We challenge you to watch this without vomiting
The Huntsman has been delving into Babs Follett. Well, delving into her expenses anyway.
As you may recall, Babs is notorious for claiming £120,000 of MP's expenses, including the cost of a London pad- even though her Stevenage constituency is only 30 mins from London. The Huntsman has now discovered she is also getting a £100,000 pa subsidy from husband Ken, a £10,000 pa "communications" fee from him, a free £5 grand pa car park season ticket from BAA.
What's more, some of these seem to be illegal under that Labour political donations law.
Naughty Babs. And naughty Ken.
In an honest world, we would see a police probe. But even failing that, the voters of marginal Stevenage will doubtless be made aware.
Simple Shopper's Bungling Subcontractors
John Trenchard has been looking at the way the basket case HMRC has subcontracted many of its activities to a bunch of profit maximising bunglers. They include an offshore property company (Mapperley), and of course, our old friends Crapita. Excellent JT blogger Thomas Gordon says:
"Now the general public can sleep soundly knowing that an off shore company owns the HMRC buildings, an outsourcing firm (Capita) that may well be employing any old Joe from Somalia or Afghanistan and that the IT is being run from a French Company (Cap Gemini), and all this is taking place within our Tax Enforcement Agency. Christ knows what the rest of the Government is like."
For future reference, Gordon also provides this handy checklist of other major Capita contracts with the public sector:
London congestion charge
Education Maintenance Allowance
Criminal Records Bureau
Lambeth, and Blackburn with Darwen Council Tax
Blackburn with Darwen, Westminster, and Rossendale Housing and Council Tax Benefits.
As we've said many times, private sector subcontracting via the Simple Shopper is a surefire recipe for the worst of both worlds.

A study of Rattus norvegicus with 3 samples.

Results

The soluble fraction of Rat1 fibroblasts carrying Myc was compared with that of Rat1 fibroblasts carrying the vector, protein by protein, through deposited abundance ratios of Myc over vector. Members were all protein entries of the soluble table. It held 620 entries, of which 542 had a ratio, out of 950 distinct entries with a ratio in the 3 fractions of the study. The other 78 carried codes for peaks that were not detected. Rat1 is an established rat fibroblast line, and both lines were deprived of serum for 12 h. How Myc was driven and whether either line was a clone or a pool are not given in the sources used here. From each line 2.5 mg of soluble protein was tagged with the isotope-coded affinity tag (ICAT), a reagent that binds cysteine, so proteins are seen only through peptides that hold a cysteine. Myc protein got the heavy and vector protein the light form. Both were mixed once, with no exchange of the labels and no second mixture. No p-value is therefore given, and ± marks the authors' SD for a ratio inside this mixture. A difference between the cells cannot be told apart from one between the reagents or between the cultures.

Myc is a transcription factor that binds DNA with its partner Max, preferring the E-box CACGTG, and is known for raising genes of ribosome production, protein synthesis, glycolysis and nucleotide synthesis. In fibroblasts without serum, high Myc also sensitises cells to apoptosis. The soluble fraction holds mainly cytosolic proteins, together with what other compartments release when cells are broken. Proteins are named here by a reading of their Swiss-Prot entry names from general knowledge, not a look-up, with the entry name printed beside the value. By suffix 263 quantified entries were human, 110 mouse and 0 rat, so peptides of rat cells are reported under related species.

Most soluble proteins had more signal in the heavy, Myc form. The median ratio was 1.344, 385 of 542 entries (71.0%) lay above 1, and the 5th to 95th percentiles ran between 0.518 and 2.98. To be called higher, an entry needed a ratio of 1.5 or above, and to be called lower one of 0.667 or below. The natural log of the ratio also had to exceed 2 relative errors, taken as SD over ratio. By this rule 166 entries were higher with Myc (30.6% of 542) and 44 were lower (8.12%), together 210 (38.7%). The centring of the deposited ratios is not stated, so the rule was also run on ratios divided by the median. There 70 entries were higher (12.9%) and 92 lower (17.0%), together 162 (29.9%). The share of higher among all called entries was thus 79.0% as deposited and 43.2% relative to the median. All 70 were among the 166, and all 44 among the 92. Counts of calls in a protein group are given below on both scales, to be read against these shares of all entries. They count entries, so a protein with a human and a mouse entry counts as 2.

James Barlow has an excellent expose of the new Museum of Bristol. In essence, it's a rebranding of the existing Bristol Industrial Museum. But it's going to cost £25m, all of it underwritten by taxpayers.
Taxpayers are in for £11.2m upfront (via the lottery), but as James points out, the assumed £3.5m contribution from the private sector may not materialise, and the £10.5 million being borrowed from the bank will mean annual interest payments approx £900,000. Given that the assumed 250,000 pa visitors (a doubling of visitors to the existing museum) will almost certainly not materialise (cf the Dome etc), who will pay the banks? And all the other running costs?
As he says, answers on a postcard please.
Just be grateful you're not a Bristol Council Tax payer.
Oh, you are. Hard luck. But maybe you shouldn't have voted for the clowns who agreed this.
Tim A points out that the Olympics Delivery Authority chairman John Armitt was unable to promise MPs that the Games would not overrun their budget. He said: “If you say to me, do I guarantee absolutely that this is going to happen, no, I could not do that.” Translation: I guarantee that £2.7bn contingency reserve will all be spent (also see this blog).
Anonymity in the Blogosphere
A Tory is concerned about the erosion of anonymity in the blogosphere. A teacher has been arrested in Milwaukee after posting an anonymous comment on a Wisconson politics blog. The blog owner was ordered to hand over the poster's IP address to police. Yes, the comment was offensive, but it was clearly meant satirically.
Thank goodness we're never offensive or satirical on BOM.